Historical Society celebrates center’s 10th year with open house Nov. 3

       Commemorating the History Center's first 10 years, the Old Colorado City Historical Society (OCCHS) invites the public to an open house Saturday, Nov. 3 from 11 a.m. to 3 p.m. The History Center at Pikes Peak Avenue and 24th Street, shown on a recent morning, was converted in 1997 from 
what was originally the First Baptist Church in 1900. 
Westside Pioneer photo
       The center is at 1 S. 24th St., at the corner of Pikes Peak Avenue, in a former Baptist church that scores of OCCHS members pitched in to purchase, restore and transform into a Westside history museum.
       Visitors will be greeted by OCCHS members in period costume, ready to “share OCC and Westside history and answer questions,” according to Joanne Karlson, an OCCHS board member who is helping organize the event. Society member Don Ellis will portray Luther McKnight, a life-long Westsider whose bequest gave the museum-creation effort a major boost.
       “We are most interested in meeting more of our 'neighbors' and learning about the histories of their families that relate to early OCC and the Westside,” she said. “We are always looking for additions to our archives and research library.
       “This is a great opportunity to bring children to visit...and of course, the open house is free.”
       During its 10-year span, the History Center has evolved into a free, volunteer-run facility that offers revolving displays of artifacts, a book store specializing in local and Colorado history and various speakers/presentations/events. The museum especially focuses on the years 1859-1917 - the era between the founding of Colorado City and its annexation into Colorado Springs.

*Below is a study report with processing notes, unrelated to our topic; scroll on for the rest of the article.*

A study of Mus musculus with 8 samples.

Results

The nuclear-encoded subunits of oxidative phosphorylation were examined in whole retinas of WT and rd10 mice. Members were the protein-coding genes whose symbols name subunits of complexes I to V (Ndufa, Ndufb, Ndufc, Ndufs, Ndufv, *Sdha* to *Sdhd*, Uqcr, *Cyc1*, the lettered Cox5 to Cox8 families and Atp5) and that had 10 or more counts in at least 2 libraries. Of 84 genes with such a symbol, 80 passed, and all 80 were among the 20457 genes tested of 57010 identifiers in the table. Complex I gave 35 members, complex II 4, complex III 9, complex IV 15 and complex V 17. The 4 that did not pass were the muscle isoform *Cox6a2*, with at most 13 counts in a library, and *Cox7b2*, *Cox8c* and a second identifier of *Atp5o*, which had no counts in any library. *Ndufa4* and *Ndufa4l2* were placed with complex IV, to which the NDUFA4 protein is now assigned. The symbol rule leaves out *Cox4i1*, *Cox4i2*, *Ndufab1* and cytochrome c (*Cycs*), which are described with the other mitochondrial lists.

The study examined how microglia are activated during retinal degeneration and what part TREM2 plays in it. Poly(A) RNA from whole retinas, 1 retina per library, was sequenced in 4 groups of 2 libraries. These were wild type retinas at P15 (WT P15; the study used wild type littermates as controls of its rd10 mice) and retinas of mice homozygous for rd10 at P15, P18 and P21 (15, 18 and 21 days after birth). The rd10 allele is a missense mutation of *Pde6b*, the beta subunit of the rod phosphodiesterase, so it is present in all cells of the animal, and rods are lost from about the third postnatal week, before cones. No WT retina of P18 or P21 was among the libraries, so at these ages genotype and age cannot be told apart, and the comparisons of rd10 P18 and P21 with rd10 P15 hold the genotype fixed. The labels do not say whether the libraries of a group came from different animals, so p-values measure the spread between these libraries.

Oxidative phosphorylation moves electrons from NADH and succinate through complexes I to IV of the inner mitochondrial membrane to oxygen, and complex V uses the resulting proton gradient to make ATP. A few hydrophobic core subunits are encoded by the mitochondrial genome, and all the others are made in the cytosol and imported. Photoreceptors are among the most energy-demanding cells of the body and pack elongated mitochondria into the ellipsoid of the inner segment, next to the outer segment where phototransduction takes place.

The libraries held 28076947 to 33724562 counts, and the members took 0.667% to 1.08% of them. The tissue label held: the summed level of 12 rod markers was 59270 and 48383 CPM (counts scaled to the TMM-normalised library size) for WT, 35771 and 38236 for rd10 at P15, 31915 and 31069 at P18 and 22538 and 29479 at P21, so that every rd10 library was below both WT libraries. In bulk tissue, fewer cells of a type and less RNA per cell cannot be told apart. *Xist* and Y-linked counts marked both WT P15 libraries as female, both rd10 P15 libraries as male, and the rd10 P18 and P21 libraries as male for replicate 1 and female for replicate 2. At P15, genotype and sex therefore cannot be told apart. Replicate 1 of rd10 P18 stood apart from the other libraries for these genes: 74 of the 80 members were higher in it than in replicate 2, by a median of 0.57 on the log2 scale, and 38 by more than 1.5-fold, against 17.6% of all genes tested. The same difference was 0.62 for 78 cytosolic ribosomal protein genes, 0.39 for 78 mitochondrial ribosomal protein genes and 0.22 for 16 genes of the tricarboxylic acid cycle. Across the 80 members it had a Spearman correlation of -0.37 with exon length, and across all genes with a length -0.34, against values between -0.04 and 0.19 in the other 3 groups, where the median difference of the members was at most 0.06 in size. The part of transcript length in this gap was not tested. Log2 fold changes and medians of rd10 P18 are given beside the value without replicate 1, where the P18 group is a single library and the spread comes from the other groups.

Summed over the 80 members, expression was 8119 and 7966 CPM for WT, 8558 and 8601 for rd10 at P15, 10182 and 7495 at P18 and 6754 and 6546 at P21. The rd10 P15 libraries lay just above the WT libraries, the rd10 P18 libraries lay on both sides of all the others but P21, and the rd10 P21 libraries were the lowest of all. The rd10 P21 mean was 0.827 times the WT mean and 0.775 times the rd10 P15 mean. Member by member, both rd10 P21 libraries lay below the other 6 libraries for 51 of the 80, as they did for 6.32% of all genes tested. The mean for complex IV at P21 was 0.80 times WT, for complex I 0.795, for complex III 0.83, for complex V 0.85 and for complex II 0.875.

The center's grand opening was Aug. 13, 1997, but the OCCHS had started more than 15 years before that. In an article he wrote for the society's West Word newsletter (the grand opening's “Pioneer Edition”), long-time society treasurer Dave Hughes mentioned an initial meeting around 1980 that also included his daughter Becky and merchants Gene Brent and Vera Chambon. Hughes has also served as society president, helped with grants and developed the center's computer room.
       The group gradually grew in numbers (260 nowadays), meeting more regularly and hoping one day to afford a building. It was upon his death in 1986 that McKnight left his life savings (nearly $100,000) and sizeable collection of memorabilia and photographs to the OCCHS.
       “Luther McKnight knew milk at five cents a quart, streetcars, a fire bell announcing curfew nightly at 9, the poll tax, wooden sidewalks and muddy streets, the Midland Band, School District #1, spectacular fires and train wrecks, rock quarries, paint factory and glassworks,” reads an article in the “Pioneer Edition” by Ralph Conner, who published the West Word for many years and paid the rental costs to store McKnight's things in the pre-center years.
       The McKnight bequest made possible the building purchase in 1992. There followed five more years of fundraising for the roughly $200,000 needed to renovate the building. This included grant-writing, personal donations and various enterprising efforts by society members.
       The renovation contractor was Murphy Constructors, working closely with the OCCHS and then-President Lucille Cunningham. She and her son Mark of the West One Group also handled the complicated building purchase and the historical designation (so that property taxes would not have to be paid on it). Lucille would in 1999 become the first and (so far) only recipient of the Luther McKnight Award for contributions to the History Center, an honor which, she recalled this week, “brought tears to my eyes.”
       Based on the “Pioneer Edition,” the list of society members who volunteered in different ways to make the museum possible would go on for pages, but other principal contributors included presidents Raymon Castillo, Agnes Johnson, John Keller and Joyce Johns and grant-writers Jan and Sandy Knox.
       “This is a wonderful example of how volunteers with a similar passion can pull together,” Karlson said.